The murder conviction of a man who was held in solitary confinement for 36 years has been officially overturned, following a lengthy legal back and forth between Louisiana prosecutors and defense attorneys.
District Court Judge James Brady entered his final judgment in the case yesterday, granting 61-year-old Albert Woodfox habeas corpus relief, after attorneys for Woodfox argued that prosecutors did not turn over potentially exculpatory evidence about a lead witness and that his former lawyer made mistakes at his trial. A petition for a writ of habeas corpus is a mechanism through which a person can seek relief from unlawful detention, and is often used when all other appeals have failed.
"He is absolutely elated," Woodfox's attorney Nick Trenticosta said of his client. When Trenticosta called Woodfox to tell him the news, he said to him, "Albert it sounds like you're drunk, and he said, 'I am drunk on justice.'"
Judge Brady issued his opinion overturning the conviction in July, which the state of Louisiana then appealed. This most recent judgment considered the state's appeal but ultimately rejected it, although the case is not over yet. The state now has 30 days to decide to retry Woodfox or dismiss the charges, while attorneys for Woodfox are calling on the state to drop any further actions.
"We call on the Attorney General to do the right thing," said Trenticosta. "To act as a reasonable public servant in the pursuit of justice…to allow Mr. Woodfox to go home today."
Trenticosta said he has made numerous attempts to meet with the Attorney General of Louisiana, James "Buddy" Caldwell, to discuss the case, but that those efforts have been refused.
"This is not a public servant who is trying to pursue justice," Trenticosta said of Caldwell. "This is a public servant who is trying once again to railroad an innocent man."
Caldwell is holding a press conference this afternoon and released a statement saying, "I vehemently but respectfully disagree with the Judge's ruling. We will appeal this decision to the 5th circuit. If the ruling is upheld there I will not stop and we will take this case as high as we have to. I will retry this case myself."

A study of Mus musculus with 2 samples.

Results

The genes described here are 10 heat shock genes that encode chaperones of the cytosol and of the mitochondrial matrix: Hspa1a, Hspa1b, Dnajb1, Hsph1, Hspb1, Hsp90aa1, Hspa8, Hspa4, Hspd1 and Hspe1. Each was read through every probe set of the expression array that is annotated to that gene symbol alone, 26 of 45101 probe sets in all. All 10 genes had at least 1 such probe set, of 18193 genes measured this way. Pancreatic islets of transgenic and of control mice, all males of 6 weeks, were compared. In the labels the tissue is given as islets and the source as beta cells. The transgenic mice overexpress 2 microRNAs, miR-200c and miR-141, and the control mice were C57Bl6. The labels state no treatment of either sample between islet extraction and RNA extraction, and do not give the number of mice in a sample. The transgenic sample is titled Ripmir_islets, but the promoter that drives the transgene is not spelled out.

Concerning the call to release Woodfox, Caldwell said, "I oppose letting him out with every fiber of my being because this is a very dangerous man."
In 1972, Woodfox was serving a 50-year sentence for armed robbery when prison guard Brent Miller was murdered within prison walls. Woodfox was convicted of the murder based on the testimony of fellow inmate Hezekiah Brown.
Brown testified that he saw Woodfox and three other inmates murder the guard, but defense attorneys later found out through state records that the prison's warden began campaigning for a pardon for Brown and authorized the use of prison dollars to pay for an advertisement urging his clemency, which they say amounts to testimony for sale. At the time, Brown was serving a life term without parole after being taken off death row, according to court documents.
Woodfox alleges that he was framed by prison officials because he was a Black Panther and was advocating for prison reform.
The case attracted attention after Woodfox became known as one of the 'Angola Three' for being segregated for over three decades at the Louisiana State Penitentiary. Woodfox and Herman Wallace, who was convicted of murdering the same prison guard, were let out of solitary confinement in March. Wallace is currently appealing his murder conviction, while the third Angola Three member, Robert King, was released in 2001.